George Washington, Volume 1

Page 76 - Honored Madam: If it is in my power to avoid going to the Ohio again, I shall; but if the command is pressed upon me by the general voice of the country, and offered upon such terms as cannot be objected against, it would reflect dishonor on me to refuse it...
Page 164 - You may believe me, my dear Patsy, when I assure you, in the most solemn manner, that, so far from seeking this appointment, I have used every endeavor in my power to avoid it...
Page 286 - We find gentlemen, without knowing whether the army was really going into winter quarters or not (for I am sure no resolution of mine could warrant the remonstrance), reprobating the measure as much as if they thought the soldiers were made of stocks or stones, and equally insensible of frost and snow...
Page 244 - You can form no idea of the perplexity of my situation. No man, I believe, ever had a greater choice of difficulties, and less means to extricate himself from them. However, under a full persuasion .of the justice of our cause, I cannot entertain an idea, that it will finally sink, though it may remain for some time under a cloud.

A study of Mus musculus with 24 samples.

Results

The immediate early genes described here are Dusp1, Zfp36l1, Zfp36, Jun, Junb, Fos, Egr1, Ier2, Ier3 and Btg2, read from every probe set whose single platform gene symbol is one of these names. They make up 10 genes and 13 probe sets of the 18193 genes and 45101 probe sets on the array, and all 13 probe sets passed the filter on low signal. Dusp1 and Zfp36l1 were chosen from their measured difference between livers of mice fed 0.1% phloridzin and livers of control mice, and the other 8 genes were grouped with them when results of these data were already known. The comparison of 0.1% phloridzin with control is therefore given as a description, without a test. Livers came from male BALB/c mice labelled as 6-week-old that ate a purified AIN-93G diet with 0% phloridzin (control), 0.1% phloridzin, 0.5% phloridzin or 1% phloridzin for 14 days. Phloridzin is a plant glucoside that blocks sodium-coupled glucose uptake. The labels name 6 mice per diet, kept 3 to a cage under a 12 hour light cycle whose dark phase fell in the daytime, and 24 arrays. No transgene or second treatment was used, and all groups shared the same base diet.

Page 51 - I fortunately escaped without any wound; for the right wing, where I stood, was exposed to, and received, all the enemy's fire ; and it was the part where the man was killed and the rest wounded. I heard the bullets whistle, and, believe me, there is something charming in the sound" This rodomontade, as Horace Walpole terms it reached the ears of George II.
Page 184 - Such a dearth of public spirit and such want of virtue, such stock-jobbing and fertility in all the low arts to obtain advantages of one kind or another in this great change of military arrangement I never saw before, and pray God's mercy that I may never be witness to again.
Page 162 - I am truly sensible of the high honor done me, in this appointment, yet I feel great distress, from a consciousness that my abilities and military experience may not be equal to the extensive and important trust.
Page 243 - The ingenious manoeuvre of Fort Washington has unhinged the goodly fabric we had been building. There never was so damned a stroke. Entre nous, a certain great man is most damnably deficient. He has thrown me into a situation where I have my choice of difficulties : if I stay in this province, I risk myself and army ; and if I do not stay, the province is lost forever.
Page 140 - I can never look upon that proclamation in any other light (but this I say between ourselves), than as a temporary expedient to quiet the minds of the Indians.